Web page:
Assemb. Steve Englebright stood in front of his tour group at West Meadow Beach dressed in a clean, blue button-down shirt and a pair of jeans stained with dirt.
In his hand, Englebright who is also a geologist, held a small, 19th century iron axe – a strange accessory, but one he brought with a purpose.
“The edges are soft, unlike a steel axe,” said Englebright (D-Setauket). “It’s so I can break a rock evenly without sending pieces of it everywhere.”
On Thursday, Englebright led a nature walk exploring the physical, biological and geological history of West Meadow Beach. The walk was part of the “West Meadow Wanderings,” a summer lecture series sponsored by West Meadow Beach and the Town of Brookhaven.
“We have programs for 3-year-olds up to older folks,” said environmental educator Eileen Gerle, who leads several nature programs throughout the year at West Meadow. “It’s a nice, broad range of people getting education about the environment and the importance of saving it.”
Englebright and Gerle led a group of older adults through patches of tall grass, away from the commercial hustle and bustle of the main part of the beach and onto the wet sand exposed by low tide.
As the water slowly crept up on the group, they discussed wildlife exposed by the absence of the sea and the history of the formation of the shoreline.
At one point, Englebright reached down and picked up a rock that was covered with Crepidula fornicata, a type of sea snail with a slipper shell. Unable to live successfully without water, Englebright asked for a volunteer to place the rock back into the ocean.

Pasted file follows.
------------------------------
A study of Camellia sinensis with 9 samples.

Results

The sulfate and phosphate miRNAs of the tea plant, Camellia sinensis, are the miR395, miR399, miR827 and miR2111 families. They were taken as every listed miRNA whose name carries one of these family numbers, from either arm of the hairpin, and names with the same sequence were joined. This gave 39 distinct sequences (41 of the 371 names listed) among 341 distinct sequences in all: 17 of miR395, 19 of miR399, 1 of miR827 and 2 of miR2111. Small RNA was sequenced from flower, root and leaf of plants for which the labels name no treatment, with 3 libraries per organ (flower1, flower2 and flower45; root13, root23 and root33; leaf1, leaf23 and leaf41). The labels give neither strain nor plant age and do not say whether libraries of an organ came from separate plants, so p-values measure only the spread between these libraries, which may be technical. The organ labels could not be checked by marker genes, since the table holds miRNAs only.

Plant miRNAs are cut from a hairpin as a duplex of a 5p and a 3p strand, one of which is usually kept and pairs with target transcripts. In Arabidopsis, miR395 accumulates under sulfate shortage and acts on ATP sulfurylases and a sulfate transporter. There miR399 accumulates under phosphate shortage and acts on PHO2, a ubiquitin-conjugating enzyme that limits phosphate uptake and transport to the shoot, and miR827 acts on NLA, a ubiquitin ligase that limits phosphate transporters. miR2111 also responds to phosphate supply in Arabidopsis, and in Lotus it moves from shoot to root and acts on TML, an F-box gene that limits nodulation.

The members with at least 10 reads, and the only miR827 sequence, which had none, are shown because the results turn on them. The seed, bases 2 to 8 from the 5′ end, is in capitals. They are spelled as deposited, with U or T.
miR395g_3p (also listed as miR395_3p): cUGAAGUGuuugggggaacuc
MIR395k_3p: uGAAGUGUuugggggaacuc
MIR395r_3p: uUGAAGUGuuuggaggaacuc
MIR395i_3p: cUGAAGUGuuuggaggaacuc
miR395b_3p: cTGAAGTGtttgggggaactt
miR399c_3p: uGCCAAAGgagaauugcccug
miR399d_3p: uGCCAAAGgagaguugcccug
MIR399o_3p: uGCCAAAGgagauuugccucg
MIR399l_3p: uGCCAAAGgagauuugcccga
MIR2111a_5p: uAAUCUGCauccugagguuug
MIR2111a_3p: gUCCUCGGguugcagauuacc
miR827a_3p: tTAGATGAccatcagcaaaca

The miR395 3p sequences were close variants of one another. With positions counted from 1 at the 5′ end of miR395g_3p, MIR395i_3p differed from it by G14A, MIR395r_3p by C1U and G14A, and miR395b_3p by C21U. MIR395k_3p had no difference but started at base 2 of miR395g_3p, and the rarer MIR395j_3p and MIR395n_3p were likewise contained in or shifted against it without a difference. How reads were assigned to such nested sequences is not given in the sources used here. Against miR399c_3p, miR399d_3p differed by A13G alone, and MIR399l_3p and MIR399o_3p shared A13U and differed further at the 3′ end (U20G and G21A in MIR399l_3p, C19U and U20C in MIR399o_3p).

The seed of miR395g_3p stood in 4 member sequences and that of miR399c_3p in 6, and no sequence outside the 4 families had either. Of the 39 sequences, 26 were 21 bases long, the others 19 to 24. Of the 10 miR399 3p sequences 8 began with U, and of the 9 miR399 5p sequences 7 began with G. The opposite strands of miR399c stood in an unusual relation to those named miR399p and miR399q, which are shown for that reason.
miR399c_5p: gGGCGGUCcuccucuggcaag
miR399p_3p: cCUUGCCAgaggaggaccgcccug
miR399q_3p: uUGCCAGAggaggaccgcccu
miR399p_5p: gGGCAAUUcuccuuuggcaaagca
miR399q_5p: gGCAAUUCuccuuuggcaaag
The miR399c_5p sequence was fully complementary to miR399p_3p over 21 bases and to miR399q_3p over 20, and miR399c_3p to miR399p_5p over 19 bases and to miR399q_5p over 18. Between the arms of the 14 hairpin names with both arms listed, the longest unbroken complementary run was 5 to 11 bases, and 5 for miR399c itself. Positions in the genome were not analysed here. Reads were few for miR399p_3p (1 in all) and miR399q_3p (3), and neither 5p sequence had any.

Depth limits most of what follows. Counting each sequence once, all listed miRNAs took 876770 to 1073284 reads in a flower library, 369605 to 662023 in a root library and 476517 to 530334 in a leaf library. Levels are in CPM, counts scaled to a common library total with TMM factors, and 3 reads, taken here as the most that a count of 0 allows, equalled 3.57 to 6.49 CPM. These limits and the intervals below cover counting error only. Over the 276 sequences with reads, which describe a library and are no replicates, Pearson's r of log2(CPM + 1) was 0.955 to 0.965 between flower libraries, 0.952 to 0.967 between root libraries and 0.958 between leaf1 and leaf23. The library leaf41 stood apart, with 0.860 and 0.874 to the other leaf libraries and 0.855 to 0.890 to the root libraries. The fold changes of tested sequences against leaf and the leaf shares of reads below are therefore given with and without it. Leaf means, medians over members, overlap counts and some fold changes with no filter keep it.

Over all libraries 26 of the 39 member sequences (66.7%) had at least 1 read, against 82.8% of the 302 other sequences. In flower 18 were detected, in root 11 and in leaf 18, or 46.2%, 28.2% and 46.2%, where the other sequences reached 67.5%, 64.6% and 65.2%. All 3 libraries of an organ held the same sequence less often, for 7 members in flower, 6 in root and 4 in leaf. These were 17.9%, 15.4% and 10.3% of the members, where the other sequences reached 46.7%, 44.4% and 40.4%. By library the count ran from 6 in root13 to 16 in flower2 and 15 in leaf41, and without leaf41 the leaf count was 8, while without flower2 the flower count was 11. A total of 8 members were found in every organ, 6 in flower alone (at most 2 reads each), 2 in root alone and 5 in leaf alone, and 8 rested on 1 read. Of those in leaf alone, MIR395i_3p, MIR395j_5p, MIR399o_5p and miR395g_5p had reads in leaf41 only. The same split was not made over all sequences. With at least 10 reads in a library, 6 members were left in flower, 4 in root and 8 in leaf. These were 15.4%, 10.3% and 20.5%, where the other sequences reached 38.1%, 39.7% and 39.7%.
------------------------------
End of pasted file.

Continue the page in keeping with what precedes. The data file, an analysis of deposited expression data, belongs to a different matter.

With her shoes tossed casually into the sand, Stephanie Mitchell, 58, of Setauket, was happy to oblige.
“I always try to come down here every time he [Englebright] leads a lecture,” Mitchell said, as she placed the rock down firmly in the sand underneath the rising tide, barefoot and ankle deep in water.
Later on in the lecture, Gerle found an oblong-shaped rock along the beach. Upon closer inspection, Englebright hypothesized that the clay rock was fossil shaped from the reeds of a tree formed by soft clay that hardened years ago.
The walk ended at the West Meadow salt marsh, where group members were invited to drink cold, clean water from a natural artesian well.
The lecture series continues until Sept. 13.
“For people who are into science and nature, these lectures are very informational,” said group member Norm Gopen, of East Setauket. “They have a lot more information that you wouldn’t find at school or in textbooks.”